By Elena Davert
Referred to as a “supermarket on a trunk,” moringa is potentially one of the planet’s most valuable plants. Serving not only as a reliable source of diverse foods, moringa also provides lamp oil, wood, paper, liquid fuel, skin treatments, and the means to help purify water. But despite its multiple uses, and well-earned nickname, the tree is relatively unknown to most people in the United States.
The moringa tree comprises 4 different edible parts: pods, leaves, seeds, and roots. The green-bean looking pods are the most sought-after parts, not only because of their taste – similar to asparagus – but also because they are highly nutritious. They provide a good balance of amino acids and minerals and possess one of the highest vitamin C levels of any tropical vegetable.
The moringa leaves are also an excellent source of nutrition. People commonly boil the tiny leaflets and eat them like spinach. Like the pods, the leaves contain vitamins A and C as well as more calcium than most other greens. These leaves also contain such high levels of iron that doctors frequently prescribe them for anemic patients.
Before fully mature, pods can also be picked for their soft seeds. The seeds can be boiled and eaten like fresh peas, or fried to taste more like peanuts. Seeds can also be pressed for oil that can be used for cooking, medicinal ointments, lamp fuel, or even as an ingredient in soap. The thick, soft roots are another important food resource, and are usually used to make a condiment similar to horseradish. Boiling roots and shoot tips is also common because of their high-protein content.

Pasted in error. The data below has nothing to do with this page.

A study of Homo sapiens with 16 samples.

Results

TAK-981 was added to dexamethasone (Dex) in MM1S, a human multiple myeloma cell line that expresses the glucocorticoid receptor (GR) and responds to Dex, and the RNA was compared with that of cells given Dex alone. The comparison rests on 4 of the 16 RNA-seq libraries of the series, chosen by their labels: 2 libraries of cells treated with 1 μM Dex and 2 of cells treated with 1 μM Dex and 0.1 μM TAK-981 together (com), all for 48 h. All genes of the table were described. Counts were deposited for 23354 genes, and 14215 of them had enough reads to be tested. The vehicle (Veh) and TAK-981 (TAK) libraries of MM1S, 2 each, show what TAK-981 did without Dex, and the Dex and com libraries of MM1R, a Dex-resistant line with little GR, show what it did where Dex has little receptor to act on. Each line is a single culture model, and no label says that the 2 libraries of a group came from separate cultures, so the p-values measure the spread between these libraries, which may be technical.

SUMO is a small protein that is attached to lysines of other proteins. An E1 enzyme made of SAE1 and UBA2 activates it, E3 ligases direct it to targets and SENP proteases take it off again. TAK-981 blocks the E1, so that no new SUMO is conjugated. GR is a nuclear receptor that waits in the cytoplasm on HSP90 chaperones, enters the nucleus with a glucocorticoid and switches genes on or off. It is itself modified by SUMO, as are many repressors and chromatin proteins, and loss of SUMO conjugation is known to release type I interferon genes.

Although the moringa tree is best known for its endless supply of food, one of the most innovative uses of the plant has been to treat water and waste water. Researchers at Leicester University, UK, have found that mixing crushed moringa seeds with polluted water help settle silt and other contaminants. This is highly cost effective because the seeds can replace the expensive imported material usually used for water purification in rural areas. The seed filtered water still needs a final filtration before it is completely drinkable, but the seeds make the process easier and help other water filters last longer.
Moringa trees are also used in agroforestry and mixed cropping because the shade can protect other crops from the sun and, while smoke from household fires can pollute the air, the soft, spongy moringa wood burns cleanly with little smoke or smell, making it a more healthy source of fuel.
Elena Davert is a research intern with Nourishing the Planet.